Nobel Laureate and master author Toni Morrison passed away at 88 earlier this week. There have been many beautiful and thoughtful obituaries that examine her trailblazing life and life-changing words. Morrison’s books are critically respected the literary canon and successful in a commercial way that defies stereotypes of the highest echelon of literature. It is as difficult to categorize her brilliance and success in life as it is to categorize her extensive catalog of books. But one aspect of Morrison’s personality was her vocal dislike of censorship.
Morrison’s books frequently appeared on the American Library Association’s annual list of the Most Frequently Challenged and Banned Books. CBLDF often wrote about challenges to The Bluest Eye, Beloved, and fought to get these critical texts back in the classrooms and libraries where they belong. The Washington Post recently wrote a piece looking at comments on social media about how Morrison’s work changed people’s lives, and it is a wonderful reminder to why keeping access to these texts is crucial.
Morrison spoke eloquently about censorship, and often defended other writer’s works that were under fire. Famously she talked about how the first time she read Huckleberry Finn it incited within her a “muffled rage” but as an adult, she came to appreciate its merits. “The brilliance of Huckleberry Finn is that it is the argument it raises,” said Morrison. She also mentioned that calls to ban the book work were “a purist yet elementary kind of censorship designed to appease adults rather than educate children“– an observation which somehow encapsulates censorship in schools and libraries on a whole.
Ten years ago, Morrison worked with PEN America, to create Burn This Book, a book of essays that examines censorship and the way that literature can shape the world we live in. From this project, Morrison gave us insight into her own thoughts about the censorship which she so regularly faced as an author.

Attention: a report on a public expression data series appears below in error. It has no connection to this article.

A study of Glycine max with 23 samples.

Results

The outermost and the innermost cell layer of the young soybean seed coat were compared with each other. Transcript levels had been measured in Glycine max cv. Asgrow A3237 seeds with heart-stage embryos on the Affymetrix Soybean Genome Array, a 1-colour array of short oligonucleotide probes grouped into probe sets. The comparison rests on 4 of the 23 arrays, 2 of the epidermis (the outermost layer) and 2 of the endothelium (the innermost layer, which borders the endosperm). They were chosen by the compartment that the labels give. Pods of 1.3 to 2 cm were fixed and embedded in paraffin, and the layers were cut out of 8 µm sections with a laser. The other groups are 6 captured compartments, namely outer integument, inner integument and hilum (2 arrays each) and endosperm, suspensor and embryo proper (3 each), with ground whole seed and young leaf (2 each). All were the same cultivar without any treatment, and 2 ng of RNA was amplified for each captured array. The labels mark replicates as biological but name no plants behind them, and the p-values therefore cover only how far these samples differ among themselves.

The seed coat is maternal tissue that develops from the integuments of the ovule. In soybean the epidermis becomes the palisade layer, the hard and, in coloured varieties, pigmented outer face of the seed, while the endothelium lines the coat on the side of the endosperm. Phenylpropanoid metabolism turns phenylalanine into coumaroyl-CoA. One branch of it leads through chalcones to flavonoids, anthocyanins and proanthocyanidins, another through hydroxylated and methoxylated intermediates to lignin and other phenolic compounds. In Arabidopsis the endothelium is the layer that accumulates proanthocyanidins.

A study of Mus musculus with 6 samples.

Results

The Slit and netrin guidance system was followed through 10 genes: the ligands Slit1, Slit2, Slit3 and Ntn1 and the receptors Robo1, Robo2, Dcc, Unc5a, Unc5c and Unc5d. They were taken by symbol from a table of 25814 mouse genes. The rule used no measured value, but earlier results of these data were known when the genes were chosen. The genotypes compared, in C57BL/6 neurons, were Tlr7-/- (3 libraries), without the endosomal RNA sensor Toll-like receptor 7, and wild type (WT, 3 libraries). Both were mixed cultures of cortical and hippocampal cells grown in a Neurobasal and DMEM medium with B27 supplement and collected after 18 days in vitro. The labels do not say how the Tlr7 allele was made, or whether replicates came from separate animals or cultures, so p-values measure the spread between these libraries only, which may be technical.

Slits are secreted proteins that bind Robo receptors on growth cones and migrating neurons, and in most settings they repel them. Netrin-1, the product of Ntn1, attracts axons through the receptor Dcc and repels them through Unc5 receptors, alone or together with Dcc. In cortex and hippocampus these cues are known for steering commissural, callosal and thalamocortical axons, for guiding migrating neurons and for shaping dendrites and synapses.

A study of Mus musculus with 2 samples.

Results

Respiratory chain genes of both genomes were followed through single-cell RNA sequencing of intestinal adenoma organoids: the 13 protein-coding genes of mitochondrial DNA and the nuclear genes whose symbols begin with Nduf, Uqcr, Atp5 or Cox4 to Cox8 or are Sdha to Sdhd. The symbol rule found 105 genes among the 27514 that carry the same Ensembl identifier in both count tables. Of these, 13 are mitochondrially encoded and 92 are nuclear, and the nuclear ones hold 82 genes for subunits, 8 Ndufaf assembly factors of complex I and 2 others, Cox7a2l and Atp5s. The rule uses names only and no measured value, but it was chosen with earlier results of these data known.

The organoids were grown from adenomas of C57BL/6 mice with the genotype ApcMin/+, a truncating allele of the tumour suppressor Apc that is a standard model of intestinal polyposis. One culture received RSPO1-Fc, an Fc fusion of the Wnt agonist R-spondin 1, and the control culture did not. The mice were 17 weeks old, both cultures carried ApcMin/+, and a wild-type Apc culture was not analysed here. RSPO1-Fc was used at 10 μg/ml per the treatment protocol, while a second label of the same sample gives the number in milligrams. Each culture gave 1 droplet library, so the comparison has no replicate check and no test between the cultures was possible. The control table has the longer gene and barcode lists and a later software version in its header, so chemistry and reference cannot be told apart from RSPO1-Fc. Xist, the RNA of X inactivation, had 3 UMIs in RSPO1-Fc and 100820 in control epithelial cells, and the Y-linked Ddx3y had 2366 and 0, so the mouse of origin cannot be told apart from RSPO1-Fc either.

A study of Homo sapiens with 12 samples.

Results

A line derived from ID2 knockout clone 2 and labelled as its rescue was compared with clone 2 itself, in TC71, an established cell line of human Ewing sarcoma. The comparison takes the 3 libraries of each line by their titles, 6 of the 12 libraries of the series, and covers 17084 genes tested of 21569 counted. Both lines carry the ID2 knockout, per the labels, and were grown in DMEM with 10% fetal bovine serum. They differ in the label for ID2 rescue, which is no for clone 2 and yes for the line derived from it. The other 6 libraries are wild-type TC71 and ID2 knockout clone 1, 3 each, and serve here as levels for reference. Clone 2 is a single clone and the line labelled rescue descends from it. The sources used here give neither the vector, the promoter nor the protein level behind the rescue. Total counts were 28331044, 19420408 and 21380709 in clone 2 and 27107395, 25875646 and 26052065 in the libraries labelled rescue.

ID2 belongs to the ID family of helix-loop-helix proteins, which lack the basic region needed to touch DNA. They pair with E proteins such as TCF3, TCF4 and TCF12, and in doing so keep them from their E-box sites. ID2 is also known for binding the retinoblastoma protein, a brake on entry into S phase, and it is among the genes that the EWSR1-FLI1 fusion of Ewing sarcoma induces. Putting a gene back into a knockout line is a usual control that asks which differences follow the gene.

The thought that leads me to contemplate with dread the erasure of other voices, of unwritten novels, poems whispered or swallowed for fear of being overheard by the wrong people, outlawed languages flourishing underground, essayists’ questions challenging authority never being posed, unstaged plays, cancelled films — that thought is a nightmare. As though a whole universe is being described in invisible ink. Certain kinds of trauma visited on peoples are so deep, so cruel, that unlike money, unlike vengeance, even unlike justice, or rights, or the goodwill of others, only writers can translate such trauma and turn sorrow into meaning, sharpening the moral imagination.
Morrison will be missed by all who knew her, both in her life and through her work. She will be missed by all those who will read her in the decades and millennia to come – because it is doubtless her writing will last as long as humanity does. If you can, go out and celebrate her life this week by reading one of her books, or any book or comic that faces frequent bans and challenges. But you can carry her memory forward by fighting for free expression at every turn, as she did. The best way to honor her great work is to continue it and to continue to fight for every voice to be heard.